As noted in the publication “Transport Corridors in Africa”, the reason why competition among African ports is so pronounced is that such facilities constitute in most cases originating points of key trade corridors running from the coast to the interior that have little or any relationship of complementarity with each other. This situation leads therefore to a strong ports and corridor competition. Conversely, corridors connecting transversally African countries are practically absent (an exception is the Abidjan-Lagos corridor, which links multiple cities and ports along the littoral in four West African States).

In East Africa, the main hub - in terms of both port capacity and volume of trade that it handles - is the Mombasa port, whose dominance however, has been recently challenged by other regional facilities that are rapidly expanding because they managed to attract more investment. Among them, the Port of Berbera in Somaliland offers the most promising prospects in the region, also because of the trade corridor that now connects this port to Ethiopia, whose construction works are almost completed. Apart from Berbera, new developments in Lamu (Kenya) and Bagamoyo (Tanzania) will challenge Mombasa’s dominance on the Indian Ocean, unless a new investor and operation partner will pump fresh capital into the port expansion and restructuring works.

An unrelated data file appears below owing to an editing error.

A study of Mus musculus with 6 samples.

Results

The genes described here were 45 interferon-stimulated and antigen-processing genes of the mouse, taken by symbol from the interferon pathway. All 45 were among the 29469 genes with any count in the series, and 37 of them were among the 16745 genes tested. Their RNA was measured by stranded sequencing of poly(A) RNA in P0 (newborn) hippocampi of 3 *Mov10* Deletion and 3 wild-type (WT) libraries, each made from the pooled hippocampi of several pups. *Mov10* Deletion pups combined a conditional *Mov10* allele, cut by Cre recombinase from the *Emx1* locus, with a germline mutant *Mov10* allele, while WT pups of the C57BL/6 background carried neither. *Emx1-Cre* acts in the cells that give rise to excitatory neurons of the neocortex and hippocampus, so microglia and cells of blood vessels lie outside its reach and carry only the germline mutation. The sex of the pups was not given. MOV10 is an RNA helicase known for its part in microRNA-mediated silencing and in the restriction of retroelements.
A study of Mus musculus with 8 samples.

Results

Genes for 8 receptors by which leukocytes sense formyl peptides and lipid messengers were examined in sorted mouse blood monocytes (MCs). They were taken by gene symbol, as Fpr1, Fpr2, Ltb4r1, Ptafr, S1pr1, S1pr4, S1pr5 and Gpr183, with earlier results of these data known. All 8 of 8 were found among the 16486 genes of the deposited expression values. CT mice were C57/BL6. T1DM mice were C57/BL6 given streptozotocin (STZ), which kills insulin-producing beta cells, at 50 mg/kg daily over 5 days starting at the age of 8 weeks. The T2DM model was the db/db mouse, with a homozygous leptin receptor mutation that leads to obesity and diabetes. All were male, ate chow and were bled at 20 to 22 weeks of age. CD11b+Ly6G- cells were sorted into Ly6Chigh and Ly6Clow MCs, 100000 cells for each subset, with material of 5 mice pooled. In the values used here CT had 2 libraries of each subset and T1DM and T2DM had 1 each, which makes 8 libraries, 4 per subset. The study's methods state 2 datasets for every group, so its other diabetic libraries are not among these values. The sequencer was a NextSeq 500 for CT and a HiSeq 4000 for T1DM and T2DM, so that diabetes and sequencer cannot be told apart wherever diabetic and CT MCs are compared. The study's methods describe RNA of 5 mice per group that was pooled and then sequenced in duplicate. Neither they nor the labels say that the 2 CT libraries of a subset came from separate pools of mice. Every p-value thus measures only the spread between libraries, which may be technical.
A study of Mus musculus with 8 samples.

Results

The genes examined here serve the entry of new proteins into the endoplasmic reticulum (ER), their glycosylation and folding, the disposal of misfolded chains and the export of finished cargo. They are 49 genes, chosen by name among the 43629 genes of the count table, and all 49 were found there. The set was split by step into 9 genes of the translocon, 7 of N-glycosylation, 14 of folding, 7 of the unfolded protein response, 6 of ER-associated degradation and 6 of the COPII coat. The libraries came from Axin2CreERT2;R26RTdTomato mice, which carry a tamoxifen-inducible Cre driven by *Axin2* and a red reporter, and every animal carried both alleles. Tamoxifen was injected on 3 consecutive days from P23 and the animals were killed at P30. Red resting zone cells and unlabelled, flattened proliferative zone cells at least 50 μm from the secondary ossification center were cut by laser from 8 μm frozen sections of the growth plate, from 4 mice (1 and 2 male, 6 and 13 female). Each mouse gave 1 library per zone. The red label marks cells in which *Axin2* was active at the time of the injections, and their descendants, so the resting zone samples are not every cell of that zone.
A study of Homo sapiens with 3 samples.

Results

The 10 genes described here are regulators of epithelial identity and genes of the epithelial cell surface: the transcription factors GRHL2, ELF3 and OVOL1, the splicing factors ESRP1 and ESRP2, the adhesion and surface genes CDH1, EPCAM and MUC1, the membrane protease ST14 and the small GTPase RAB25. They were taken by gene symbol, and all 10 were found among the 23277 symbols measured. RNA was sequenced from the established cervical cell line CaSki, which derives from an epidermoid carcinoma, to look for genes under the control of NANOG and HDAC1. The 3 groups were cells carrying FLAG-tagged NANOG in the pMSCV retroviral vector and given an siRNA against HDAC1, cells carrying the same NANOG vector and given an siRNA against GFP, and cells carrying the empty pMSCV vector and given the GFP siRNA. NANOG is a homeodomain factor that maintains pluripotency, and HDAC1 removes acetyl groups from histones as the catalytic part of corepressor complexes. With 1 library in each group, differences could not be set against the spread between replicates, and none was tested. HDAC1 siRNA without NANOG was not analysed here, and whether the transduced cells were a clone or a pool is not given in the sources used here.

Surprisingly, a port that is not part of the analysis made in the GBS Africa report is the Djibouti port, that the World Bank recently ranked among the most efficient ports in the world.

The report concludes that if Mombasa port will not attract fresh investment soon, it be overshadowed by Lamu port and other regional facilities, such as the Dar es Salaam port in Tanzania, which is already registering a steady increase of traffic especially for cargo originating and destined to the Democratic Republic of Congo, Malawi, Uganda, Zambia, Rwanda, and Zimbabwe, as all these countries  are increasingly switching to this port due to the Mombasa port congestion problems. Tanzania, notes the report, has an active strategy to compete with Kenya for market share in the Indian Ocean ports sector. The Port of Dar es Salaam currently offers faster and more cost-effective trade and transport solutions than Mombasa since Dar es Salaam is benefitting from ongoing expansion and investments. Moreover, as plans for a new deep-water facility to be built by Chinese contractors at Bagamoyo port are being revitalised, Tanzania will soon enter with another seaport in the competition arena.  On the other hand, a condition for the Lamu port to became a concrete alternative to Mombasa, is the completion of the LAPSSET corridor, whose construction works have stalled due to regional insecurity concerns on the border with Somalia, political instability in Kenya, and a lack of other investments.

Apart from congestion, other problems affecting the Mombasa port – the report reveals – are the high ship turnaround time, the low cargo handling productivity (especially at berths designated for bulk cargo), and the inadequate water depth to berth high tonnage vessels.